The AAO is excited to announce the development of a number of new resources designed to communicate concerns about direct-to-consumer (DTC) orthodontic treatment and risks to patient health and well-being. These new resources can be found at, and can also be accessed by clicking the “Advocacy Resources” tab at the top of the AAO member webpage. The web page will be accessible to non-AAO-members, primarily so that dental board members, federal and state legislators, and others outside of AAO members can access the information.

The centerpiece of the AAO’s new DTC resources is a 25-page position paper setting out the AAO’s concerns with common elements of DTC treatment (such as failing to perform an in-person examination of the patient, or failing to take radiographic images prior to treatment). Although the concerns themselves are not new to AAO messaging, the position paper includes numerous scientific authorities (credible, peer-reviewed evidence and recognized authorities in the specialty) to support the AAO’s positions. “We are excited to combine the AAO’s advocacy messaging with the strength of the AAO’s scientific and academic resources,” said AAO President, Dr. Ken Dillehay. “For the first time, we have a resource that clearly shows that the AAO’s advocacy positions on teledentistry and DTC are supported by strong scientific evidence, which demonstrates why the law should include these patient protections.”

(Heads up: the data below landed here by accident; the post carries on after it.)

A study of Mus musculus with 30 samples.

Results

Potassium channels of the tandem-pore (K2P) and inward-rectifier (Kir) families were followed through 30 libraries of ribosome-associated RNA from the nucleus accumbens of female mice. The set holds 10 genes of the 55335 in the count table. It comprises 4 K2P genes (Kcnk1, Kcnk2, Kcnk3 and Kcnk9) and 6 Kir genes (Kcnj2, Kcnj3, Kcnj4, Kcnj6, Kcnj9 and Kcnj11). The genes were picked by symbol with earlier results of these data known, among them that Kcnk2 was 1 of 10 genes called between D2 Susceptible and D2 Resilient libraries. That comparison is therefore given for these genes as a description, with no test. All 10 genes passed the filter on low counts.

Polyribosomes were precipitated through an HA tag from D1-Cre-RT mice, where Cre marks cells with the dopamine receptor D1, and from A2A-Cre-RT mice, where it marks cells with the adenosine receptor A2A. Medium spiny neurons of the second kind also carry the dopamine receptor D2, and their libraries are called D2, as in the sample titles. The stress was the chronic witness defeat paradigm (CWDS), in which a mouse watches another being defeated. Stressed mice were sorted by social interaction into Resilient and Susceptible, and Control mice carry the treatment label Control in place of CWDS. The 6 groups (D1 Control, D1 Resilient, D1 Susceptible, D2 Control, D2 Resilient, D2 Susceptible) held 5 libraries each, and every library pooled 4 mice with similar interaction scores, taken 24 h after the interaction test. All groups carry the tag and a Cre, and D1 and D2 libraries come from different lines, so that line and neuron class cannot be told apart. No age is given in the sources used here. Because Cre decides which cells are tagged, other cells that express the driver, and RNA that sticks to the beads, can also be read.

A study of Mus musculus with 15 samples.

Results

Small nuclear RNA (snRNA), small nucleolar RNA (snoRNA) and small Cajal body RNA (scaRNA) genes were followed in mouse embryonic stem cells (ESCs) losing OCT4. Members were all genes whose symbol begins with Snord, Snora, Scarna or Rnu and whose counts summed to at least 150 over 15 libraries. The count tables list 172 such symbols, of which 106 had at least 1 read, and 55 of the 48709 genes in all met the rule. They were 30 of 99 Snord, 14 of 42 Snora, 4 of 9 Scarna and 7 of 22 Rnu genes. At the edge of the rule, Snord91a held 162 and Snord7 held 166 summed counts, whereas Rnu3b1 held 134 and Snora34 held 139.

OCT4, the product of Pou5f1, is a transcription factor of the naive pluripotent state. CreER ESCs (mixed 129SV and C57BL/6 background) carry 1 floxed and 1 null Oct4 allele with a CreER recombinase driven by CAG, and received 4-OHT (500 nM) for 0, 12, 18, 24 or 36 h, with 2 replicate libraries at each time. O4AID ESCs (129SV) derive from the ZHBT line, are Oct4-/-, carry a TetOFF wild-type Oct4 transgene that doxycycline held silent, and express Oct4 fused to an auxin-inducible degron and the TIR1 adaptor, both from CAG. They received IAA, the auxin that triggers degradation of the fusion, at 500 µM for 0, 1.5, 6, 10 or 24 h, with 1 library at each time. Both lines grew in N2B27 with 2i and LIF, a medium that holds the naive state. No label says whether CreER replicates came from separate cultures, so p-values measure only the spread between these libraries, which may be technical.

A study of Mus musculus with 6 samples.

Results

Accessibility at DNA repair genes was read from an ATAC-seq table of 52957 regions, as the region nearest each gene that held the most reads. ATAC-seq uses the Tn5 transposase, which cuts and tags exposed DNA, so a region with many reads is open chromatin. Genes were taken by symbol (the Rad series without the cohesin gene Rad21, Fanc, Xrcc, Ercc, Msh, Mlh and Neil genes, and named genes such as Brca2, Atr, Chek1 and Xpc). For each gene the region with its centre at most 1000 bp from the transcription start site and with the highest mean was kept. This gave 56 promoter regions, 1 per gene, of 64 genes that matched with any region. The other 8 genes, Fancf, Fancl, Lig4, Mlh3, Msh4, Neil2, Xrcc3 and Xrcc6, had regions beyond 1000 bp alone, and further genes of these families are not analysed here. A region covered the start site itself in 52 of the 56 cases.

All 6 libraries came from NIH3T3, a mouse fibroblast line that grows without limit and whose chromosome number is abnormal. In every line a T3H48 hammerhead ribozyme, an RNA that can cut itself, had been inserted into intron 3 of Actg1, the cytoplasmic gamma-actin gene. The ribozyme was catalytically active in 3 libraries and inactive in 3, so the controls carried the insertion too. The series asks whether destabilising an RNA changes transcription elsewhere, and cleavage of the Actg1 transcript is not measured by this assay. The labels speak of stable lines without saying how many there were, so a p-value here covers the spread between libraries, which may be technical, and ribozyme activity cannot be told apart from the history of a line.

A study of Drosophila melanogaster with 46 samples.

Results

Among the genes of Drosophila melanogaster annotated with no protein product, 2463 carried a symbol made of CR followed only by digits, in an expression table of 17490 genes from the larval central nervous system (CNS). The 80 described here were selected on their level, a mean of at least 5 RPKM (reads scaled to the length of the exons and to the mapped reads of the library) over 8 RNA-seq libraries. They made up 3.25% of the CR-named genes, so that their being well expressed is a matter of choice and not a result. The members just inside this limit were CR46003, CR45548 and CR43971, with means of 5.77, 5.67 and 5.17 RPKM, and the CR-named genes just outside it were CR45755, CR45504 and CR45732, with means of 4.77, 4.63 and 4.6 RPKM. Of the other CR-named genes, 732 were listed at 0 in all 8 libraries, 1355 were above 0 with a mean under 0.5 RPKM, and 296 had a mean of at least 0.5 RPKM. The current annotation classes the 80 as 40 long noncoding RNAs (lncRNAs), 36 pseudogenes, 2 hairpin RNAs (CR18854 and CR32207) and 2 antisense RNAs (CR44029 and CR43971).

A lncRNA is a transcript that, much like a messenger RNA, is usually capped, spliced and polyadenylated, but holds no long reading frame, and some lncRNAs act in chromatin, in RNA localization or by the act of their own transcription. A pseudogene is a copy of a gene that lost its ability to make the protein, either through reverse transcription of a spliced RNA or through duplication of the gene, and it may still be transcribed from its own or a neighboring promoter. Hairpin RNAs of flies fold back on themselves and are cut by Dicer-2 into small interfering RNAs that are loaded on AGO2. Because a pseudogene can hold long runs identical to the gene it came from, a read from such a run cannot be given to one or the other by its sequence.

Accompanying the DTC position paper are two “one pagers” (front-and-back handouts) that summarize the AAO’s positions on in-person examinations and radiographic images, and evidence in support, in a graphic-heavy, easy-to-read format.

The new AAO advocacy resources also include two additional resources on DTC concerns. A short handout summarizes testimony by a former DTC treating doctor that recently came to light in a class action lawsuit. This doctor’s testimony raises serious concerns about whether some DTC treatment complies with the applicable standards of care, and the handout presents those concerns in a concise format.

Another new position paper by the AAO sets out concerns related to informed consent in the DTC treatment setting. Many authorities in the telehealth field (including the American Medical Association and the Joint Commission) question whether a patient can give effective informed consent to treatment if the patient never has the opportunity to ask questions of the treating doctor. This new AAO resource applies these concerns to the DTC context.

Finally, three new resources address the AAO’s concerns with public policy arguments made by the American Teledentistry Association (ATDA). The ATDA frequently appears in dental board hearings and state legislative sessions arguing against restrictions on teledentistry (such as requiring in-person exams or radiographic imaging before treatment begins). Two of the AAO’s new resources point out significant flaws in the “evidence” the ATDA cites in support of these arguments. A third handout raises concerns about the ATDA’s close affiliation with certain DTC companies.

“It is our hope that these new resources will better communicate to dental boards and legislatures the reasons why we believe that the laws need to protect orthodontic patients,” said Dr. Dillehay. “We strongly encourage AAO members to utilize these new resources in their efforts to educate lawmakers, patients, and the general public.”